The EU imposed sanctions on Zimbabwe in 2002
The European Union eased sanctions on Zimbabwe on Monday to reward it for political reforms, and also agreed to lift sanctions on a state-run Zimbabwe diamond mining company if the country holds fair elections.
The bloc imposed the penalties in 2002 in protest against human rights abuses and violations of democracy under the rule of veteran leader, President Robert Mugabe.
It reviews the sanctions annually and in recent years has eased them to encourage reforms being pursued by Zimbabwe’s four-year-old coalition government, in which Mugabe shares power with his political rival, Prime Minister Morgan Tsvangirai.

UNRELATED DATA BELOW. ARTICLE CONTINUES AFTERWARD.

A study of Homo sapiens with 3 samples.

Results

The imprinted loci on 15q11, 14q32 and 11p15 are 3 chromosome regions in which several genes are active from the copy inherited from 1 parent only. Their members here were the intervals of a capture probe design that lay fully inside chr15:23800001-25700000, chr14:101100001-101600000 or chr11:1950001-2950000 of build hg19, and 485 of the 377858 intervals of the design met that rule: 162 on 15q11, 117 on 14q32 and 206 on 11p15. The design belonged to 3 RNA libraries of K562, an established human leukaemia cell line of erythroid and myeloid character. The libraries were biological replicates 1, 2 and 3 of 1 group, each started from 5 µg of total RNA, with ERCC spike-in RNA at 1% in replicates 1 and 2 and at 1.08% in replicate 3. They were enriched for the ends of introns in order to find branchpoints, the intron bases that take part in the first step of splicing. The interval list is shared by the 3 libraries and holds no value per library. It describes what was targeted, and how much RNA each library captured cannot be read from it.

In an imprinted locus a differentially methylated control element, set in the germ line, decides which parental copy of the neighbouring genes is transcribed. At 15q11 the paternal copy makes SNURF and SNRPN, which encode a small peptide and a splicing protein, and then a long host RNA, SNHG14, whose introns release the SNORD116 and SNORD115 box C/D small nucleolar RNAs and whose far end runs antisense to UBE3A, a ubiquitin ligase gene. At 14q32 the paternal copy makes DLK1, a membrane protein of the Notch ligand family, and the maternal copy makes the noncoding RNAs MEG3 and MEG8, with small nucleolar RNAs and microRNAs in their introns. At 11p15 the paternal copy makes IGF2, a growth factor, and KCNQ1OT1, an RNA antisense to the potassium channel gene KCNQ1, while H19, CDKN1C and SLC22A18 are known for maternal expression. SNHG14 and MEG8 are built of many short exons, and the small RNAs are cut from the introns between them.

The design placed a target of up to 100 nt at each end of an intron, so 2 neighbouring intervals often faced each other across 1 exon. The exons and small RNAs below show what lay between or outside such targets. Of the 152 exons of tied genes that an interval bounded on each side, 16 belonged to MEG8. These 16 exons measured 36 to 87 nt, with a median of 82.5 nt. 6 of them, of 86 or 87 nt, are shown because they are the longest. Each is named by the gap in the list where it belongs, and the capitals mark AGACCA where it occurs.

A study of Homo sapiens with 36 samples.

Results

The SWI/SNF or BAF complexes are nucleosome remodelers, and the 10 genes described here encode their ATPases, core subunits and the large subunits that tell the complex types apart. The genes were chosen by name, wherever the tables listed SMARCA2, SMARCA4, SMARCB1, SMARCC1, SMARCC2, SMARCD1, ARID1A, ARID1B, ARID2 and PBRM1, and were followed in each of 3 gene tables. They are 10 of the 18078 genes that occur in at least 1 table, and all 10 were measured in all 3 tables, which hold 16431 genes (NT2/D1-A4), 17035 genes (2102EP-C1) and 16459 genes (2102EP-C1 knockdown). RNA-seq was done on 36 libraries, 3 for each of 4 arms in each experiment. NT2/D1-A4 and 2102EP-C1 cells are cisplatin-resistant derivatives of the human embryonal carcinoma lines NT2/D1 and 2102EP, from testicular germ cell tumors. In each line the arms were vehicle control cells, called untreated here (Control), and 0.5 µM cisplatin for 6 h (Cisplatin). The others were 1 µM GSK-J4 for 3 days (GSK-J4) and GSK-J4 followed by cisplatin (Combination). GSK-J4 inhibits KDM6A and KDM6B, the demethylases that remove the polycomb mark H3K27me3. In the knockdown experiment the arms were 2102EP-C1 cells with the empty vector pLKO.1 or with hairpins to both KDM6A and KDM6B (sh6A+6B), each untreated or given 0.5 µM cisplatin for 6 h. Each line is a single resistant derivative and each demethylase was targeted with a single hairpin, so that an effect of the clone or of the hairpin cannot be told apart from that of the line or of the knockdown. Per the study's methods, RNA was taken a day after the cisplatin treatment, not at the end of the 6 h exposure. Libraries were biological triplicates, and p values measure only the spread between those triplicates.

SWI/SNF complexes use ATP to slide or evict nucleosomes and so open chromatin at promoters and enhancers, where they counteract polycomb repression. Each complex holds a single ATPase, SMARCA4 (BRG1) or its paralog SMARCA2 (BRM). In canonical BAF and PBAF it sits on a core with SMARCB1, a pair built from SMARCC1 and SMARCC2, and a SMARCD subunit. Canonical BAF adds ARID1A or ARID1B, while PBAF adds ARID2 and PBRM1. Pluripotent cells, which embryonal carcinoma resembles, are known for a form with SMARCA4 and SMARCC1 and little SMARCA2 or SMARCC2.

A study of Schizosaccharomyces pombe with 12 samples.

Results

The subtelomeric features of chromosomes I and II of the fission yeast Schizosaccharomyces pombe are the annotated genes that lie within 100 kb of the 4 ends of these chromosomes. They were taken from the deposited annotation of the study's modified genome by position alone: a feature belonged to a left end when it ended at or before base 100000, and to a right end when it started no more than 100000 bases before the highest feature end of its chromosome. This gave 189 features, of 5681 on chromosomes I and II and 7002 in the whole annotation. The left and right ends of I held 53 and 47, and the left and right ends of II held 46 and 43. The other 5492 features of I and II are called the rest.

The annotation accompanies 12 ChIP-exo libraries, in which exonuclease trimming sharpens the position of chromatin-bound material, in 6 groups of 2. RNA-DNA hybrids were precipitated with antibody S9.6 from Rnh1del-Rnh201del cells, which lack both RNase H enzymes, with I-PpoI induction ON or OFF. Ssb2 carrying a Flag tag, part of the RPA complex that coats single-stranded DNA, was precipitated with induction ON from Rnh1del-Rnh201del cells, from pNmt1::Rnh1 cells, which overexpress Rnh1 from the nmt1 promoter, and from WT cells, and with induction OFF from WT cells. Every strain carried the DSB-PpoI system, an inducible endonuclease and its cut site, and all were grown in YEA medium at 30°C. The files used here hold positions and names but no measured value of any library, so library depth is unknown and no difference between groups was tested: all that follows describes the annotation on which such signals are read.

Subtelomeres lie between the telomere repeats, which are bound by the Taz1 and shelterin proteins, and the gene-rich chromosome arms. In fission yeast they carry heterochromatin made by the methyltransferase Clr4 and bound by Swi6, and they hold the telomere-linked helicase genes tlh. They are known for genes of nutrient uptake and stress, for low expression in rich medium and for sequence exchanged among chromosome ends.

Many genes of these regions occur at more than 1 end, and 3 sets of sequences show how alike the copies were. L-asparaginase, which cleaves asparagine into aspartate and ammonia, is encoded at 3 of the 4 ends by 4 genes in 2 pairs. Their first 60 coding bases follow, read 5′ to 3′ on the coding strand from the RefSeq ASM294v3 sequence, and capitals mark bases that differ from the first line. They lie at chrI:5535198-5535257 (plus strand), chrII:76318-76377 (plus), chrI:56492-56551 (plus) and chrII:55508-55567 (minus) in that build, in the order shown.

EU foreign ministers meeting in Brussels suspended a travel ban on six unnamed members of the Zimbabwe government and removed 21 unnamed people and one company from the list of those subject to travel bans and asset freezes.
The ministers hammered out a compromise on whether to remove from the same list state-run mining firm the Zimbabwe Mining Development Corporation (ZMDC), which operates five diamond mines in Zimbabwe’s rich Marange fields.
ZMDC will be removed from the list within a month of elections being held in Zimbabwe, provided the polls are “peaceful, transparent (and) credible”, Belgian Foreign Minister, Didier Reynders, told reporters.
Belgium, home to the world’s biggest diamond trading centre in Antwerp, had pushed for ZMDC to be freed from sanctions; but countries such as Britain, Zimbabwe’s former colonial ruler, had opposed its immediate removal from the list.